Compound Bow Review: Prime Logic + Video


Compound Bow Review: Prime Logic + Video

I have had a chance to spend the past few months shooting the Prime Logic for our sister site‘s 2018 Hunting Bow Project.

The Logic is the first Prime bow to feature a split limb design and it is the most compact hunting bow in the Prime lineup with a 31-inch axle-to-axle length. Other specs include a brace height of 7 inches, mass weight of 4.3 pounds, and IBO rated speed of 330 feet per second. The bow carries a retail price of $1,099. And for those not familiar with Prime bows, they all feature a unique parallel cam design with helps eliminate cam lean.

Like all Prime bows, the Logic comes with both limb stop and cable stop options in the box. My test bow came outfitted with limb stops and I’ve been using them this whole time. These stops provide a very firm back wall, but if you prefer a bit of give, the cable stops are a better option.

Fit and finish on the Prime Logic is excellent. I do find that the side plates on the grip are a little loose, but I’m sure they can be glued down without issue. That aside, this is easily my favorite looking hunting bow of the year. I absolutely love how the Ghost Green riser looks with the Optiade Subalpine limbs. I don’t think I’ve ever seen a color combination I like better on a bow than this. Strings and cables are holding up great and Prime gets big bonus points for offering up free replacements every two years for as long as you own your bow.

Though Prime gave up a bit of speed with the Logic, the draw cycle is nice and smooth with just the slightest dip into the valley – not harsh in the least. My test bow is set up with a relatively short valley, though you can adjust that by moving the draw stops in and out until you find the setting that you prefer.

The generous 7-inch brace height means the arrow is off the string sooner than with a lot of speed bows and string shouldn’t slap against bulky cold-weather hunting clothes when you shoot.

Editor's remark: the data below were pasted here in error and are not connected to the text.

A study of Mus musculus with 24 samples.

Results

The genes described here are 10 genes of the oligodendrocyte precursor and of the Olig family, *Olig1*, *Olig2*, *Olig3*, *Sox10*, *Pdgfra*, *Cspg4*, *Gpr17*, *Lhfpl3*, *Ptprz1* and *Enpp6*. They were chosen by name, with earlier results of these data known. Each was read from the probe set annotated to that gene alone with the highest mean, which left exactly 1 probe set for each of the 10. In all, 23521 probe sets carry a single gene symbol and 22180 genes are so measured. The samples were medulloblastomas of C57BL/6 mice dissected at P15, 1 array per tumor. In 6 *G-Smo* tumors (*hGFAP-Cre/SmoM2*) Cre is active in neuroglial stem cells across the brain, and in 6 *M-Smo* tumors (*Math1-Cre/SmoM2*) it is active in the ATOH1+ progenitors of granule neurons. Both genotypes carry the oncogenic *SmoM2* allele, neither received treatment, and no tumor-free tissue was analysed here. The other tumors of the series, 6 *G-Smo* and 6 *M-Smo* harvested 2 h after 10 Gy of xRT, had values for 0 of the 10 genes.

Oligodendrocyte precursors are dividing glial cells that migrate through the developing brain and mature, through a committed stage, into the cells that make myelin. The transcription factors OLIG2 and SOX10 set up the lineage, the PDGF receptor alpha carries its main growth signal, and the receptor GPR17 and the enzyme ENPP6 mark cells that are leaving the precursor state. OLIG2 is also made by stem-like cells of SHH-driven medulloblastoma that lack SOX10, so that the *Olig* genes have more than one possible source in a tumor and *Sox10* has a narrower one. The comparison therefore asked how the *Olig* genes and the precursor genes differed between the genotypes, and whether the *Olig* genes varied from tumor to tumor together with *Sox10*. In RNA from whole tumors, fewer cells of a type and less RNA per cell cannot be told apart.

After the shot, I’m finding the Logic to be noticeably quieter than the Prime Centergy Hybrid I tested last year. I can’t feel any vibration in my bow hand at all.

As for accuracy, the Prime Logic has been solid. Long range accuracy, for me at least, might be a notch below the Centergy Hybrid, but the bow holds quite well and I’m happy with my groups out to 50 yards and beyond.

I was able to get the Logic dialed in with a basic tune with little effort, but that is the case with every Prime bow I’ve tested. I’ve yet to get one that didn’t tune fast and easy.

To test out the speed, I ran the Logic through the chronograph using a 350-grain Gold Tip Platinum Pierce arrow with the bow set at my 29.5-inch draw length and maxed out to 70 pounds. I saw an average speed of 315 feet per second, which is pretty close to where it should be considering my specs and the weight on the string. There are faster bows, but this bow packs plenty of punch for any animal I’d ever hunt.

If you are in the market for a compact and easy-to-shoot bow, the Prime Logic is worth checking out at your local dealer.